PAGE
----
High Risk Pancreas Cancer Screening

Routine population screening for pancreatic cancer, similar to routine colon cancer or breast cancer screening, is not recommended due the limitations of the available screening tools and the fact that pancreatic cancer is rare. However, current evidence suggests that screening may prove useful in individuals at high risk by detecting cancers at an earlier, treatable stage. The optimal screening method and interval for pancreatic cancer is still unclear but favors use of both endoscopic ultrasound (EUS) and MRI imaging. However, consideration of screening, particularly in the setting of a research study, is recommended for individuals with a significantly increased risk to develop pancreatic cancer beginning at age 50 or 10 years younger than the youngest relative with pancreatic cancer or at age 30 for individuals with Peutz-Jeghers Syndrome.

Screening should be considered for individuals meeting the following criteria:

High Risk Group 2 (familial pancreatic cancer relatives):

  1. >55 years old or 10 years younger than the age of youngest relative with pancreatic cancer, and
  2. come from a family with 2 or more members with a history of pancreatic cancer (2 of which have a first-degree relationship consistent with familial pancreatic cancer), and
  3. have a first-degree relationship with at least one of the relatives with pancreatic cancer.

If there are 2 or more affected blood relatives, at least 1 must be a first-degree relative of the individual being screened

High Risk Group 3 (Group 1 germline mutation carriers with an associated with an estimated lifetime risk of pancreatic cancer of ~10% or higher):

  1. >50 years old or 10 years younger than the age of the youngest relative with pancreatic cancer,and
  2. The Patient is a carrier of a confirmed FAMMM (p16/CDKN2A), BRCA2, or PALB2 mutation, and there is 1 or more pancreatic cancer diagnoses in the family, one of whom is a first- or second-degree relative of the subject to be screened.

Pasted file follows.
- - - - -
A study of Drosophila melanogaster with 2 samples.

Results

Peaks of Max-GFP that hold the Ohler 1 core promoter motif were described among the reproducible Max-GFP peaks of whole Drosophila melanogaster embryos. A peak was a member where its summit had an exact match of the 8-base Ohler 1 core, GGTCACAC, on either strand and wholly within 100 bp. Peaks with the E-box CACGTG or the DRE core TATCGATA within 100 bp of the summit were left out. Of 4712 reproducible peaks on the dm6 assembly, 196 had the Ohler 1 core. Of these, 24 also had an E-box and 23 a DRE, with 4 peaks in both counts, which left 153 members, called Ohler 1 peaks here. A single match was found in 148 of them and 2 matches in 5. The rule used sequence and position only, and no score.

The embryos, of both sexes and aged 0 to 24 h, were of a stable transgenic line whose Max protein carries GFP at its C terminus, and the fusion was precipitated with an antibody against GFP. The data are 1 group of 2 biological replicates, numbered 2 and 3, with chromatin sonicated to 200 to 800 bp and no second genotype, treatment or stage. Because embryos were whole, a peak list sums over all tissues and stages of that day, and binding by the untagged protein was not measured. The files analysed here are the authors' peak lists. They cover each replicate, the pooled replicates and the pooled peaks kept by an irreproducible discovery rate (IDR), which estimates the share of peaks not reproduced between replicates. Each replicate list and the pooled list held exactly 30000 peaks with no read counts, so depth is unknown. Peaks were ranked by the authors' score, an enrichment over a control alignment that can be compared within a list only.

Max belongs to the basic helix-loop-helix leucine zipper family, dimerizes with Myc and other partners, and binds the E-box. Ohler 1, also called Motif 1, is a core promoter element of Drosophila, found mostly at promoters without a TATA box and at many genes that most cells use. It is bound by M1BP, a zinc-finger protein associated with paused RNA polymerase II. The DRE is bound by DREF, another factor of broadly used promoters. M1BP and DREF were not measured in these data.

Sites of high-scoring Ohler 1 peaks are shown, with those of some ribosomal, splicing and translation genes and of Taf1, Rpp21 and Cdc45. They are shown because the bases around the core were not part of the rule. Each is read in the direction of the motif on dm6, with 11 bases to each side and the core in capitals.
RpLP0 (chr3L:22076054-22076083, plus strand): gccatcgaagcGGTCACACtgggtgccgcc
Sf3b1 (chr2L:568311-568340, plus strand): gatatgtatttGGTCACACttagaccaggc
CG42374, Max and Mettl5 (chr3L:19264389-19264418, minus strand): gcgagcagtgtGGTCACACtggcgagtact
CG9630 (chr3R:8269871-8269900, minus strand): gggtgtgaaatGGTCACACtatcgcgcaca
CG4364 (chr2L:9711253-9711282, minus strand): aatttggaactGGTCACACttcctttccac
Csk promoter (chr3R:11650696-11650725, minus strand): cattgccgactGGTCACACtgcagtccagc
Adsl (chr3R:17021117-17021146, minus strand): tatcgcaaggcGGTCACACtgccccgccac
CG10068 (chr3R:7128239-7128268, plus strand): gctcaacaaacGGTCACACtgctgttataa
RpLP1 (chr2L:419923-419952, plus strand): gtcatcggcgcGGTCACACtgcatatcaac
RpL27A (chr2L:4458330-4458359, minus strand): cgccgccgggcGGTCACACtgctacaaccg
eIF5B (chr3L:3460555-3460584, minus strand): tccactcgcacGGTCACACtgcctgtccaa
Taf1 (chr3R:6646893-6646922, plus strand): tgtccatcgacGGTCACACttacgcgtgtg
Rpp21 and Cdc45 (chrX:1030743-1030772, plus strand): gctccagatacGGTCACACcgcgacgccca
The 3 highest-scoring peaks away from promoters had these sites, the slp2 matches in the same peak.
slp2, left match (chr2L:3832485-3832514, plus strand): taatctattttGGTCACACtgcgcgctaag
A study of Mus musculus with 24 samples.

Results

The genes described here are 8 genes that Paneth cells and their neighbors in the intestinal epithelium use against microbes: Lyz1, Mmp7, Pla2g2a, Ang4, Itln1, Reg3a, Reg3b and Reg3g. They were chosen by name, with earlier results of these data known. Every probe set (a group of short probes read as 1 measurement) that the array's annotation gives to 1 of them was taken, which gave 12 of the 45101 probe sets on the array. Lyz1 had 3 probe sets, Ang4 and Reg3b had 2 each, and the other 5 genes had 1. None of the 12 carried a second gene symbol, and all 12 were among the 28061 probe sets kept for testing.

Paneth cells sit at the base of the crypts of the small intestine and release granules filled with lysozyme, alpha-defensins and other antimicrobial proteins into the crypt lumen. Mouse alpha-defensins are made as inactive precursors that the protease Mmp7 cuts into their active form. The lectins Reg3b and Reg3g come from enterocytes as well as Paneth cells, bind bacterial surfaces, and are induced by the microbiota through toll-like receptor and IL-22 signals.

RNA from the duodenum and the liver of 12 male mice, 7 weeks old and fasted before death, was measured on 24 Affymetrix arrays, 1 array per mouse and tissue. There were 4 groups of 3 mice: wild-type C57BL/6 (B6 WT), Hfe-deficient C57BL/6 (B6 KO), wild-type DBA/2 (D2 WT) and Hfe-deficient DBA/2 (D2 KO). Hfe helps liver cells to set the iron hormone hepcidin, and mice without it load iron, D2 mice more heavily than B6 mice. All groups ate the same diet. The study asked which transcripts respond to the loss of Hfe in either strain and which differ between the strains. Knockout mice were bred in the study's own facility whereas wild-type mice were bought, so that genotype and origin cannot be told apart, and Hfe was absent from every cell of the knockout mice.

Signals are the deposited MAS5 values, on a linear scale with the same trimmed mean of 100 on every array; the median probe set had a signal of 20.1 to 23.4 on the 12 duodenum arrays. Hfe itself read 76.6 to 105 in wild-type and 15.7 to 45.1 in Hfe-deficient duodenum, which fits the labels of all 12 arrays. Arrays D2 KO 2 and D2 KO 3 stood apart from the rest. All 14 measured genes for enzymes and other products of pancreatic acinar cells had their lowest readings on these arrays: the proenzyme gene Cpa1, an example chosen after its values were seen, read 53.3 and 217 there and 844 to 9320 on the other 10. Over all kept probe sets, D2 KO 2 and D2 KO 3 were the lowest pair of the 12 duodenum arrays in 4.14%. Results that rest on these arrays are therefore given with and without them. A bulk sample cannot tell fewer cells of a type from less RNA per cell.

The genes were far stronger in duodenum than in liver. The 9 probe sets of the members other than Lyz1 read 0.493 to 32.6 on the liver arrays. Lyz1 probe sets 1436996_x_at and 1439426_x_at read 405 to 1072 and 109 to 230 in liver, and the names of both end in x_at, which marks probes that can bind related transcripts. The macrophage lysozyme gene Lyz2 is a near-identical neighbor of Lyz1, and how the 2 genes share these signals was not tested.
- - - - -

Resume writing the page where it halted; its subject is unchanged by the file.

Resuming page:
High Risk Group 4 (Group 2 germline mutation carriers with an associated with an estimatedlifetime risk of pancreatic cancer of ~5%):

  1. >55 years old or 10 years younger than the age of the youngest relative with pancreatic cancer, and
  2. The patient is a carrier of a confirmed BRCA1, or HNPCC (hereditary non-polyposiscolorectal cancer or Lynch syndrome, hMLH1, hMSH2, PMS1, hMSH6, EpCAM) gene mutation, and there is >1 pancreatic cancer in the family, one of whom is a first- or second-degree relative of the subject to be screened.
High risk group 5 (hereditary pancreatitis) with confirmed gene mutations that predispose tochronic pancreatitis, such as PRSS1, PRSS2, CTRC) and age 50 years or older (these patientshave an estimated lifetime risk for pancreatic cancer of 40%) or twenty-years since their first attack of pancreatitis, whichever age is younger.
  1. At least 30 years old, and
  2. at least 2 of 3 criteria diagnostic of Peutz-Jeghers syndrome (characteristic intestinalhamartomatous polyps, mucocutaneous melanin deposition, or family history of Peutz-Jeghers syndrome), or,
  3. known STK11 gene mutation carrier

At the Yale Pancreas Disease Program, and the Yale Cancer Genetics and Prevention Program we offer expert multidisciplinary evaluation, diagnosis, and treatment of patients  at high risk of developing pancreatic cancer.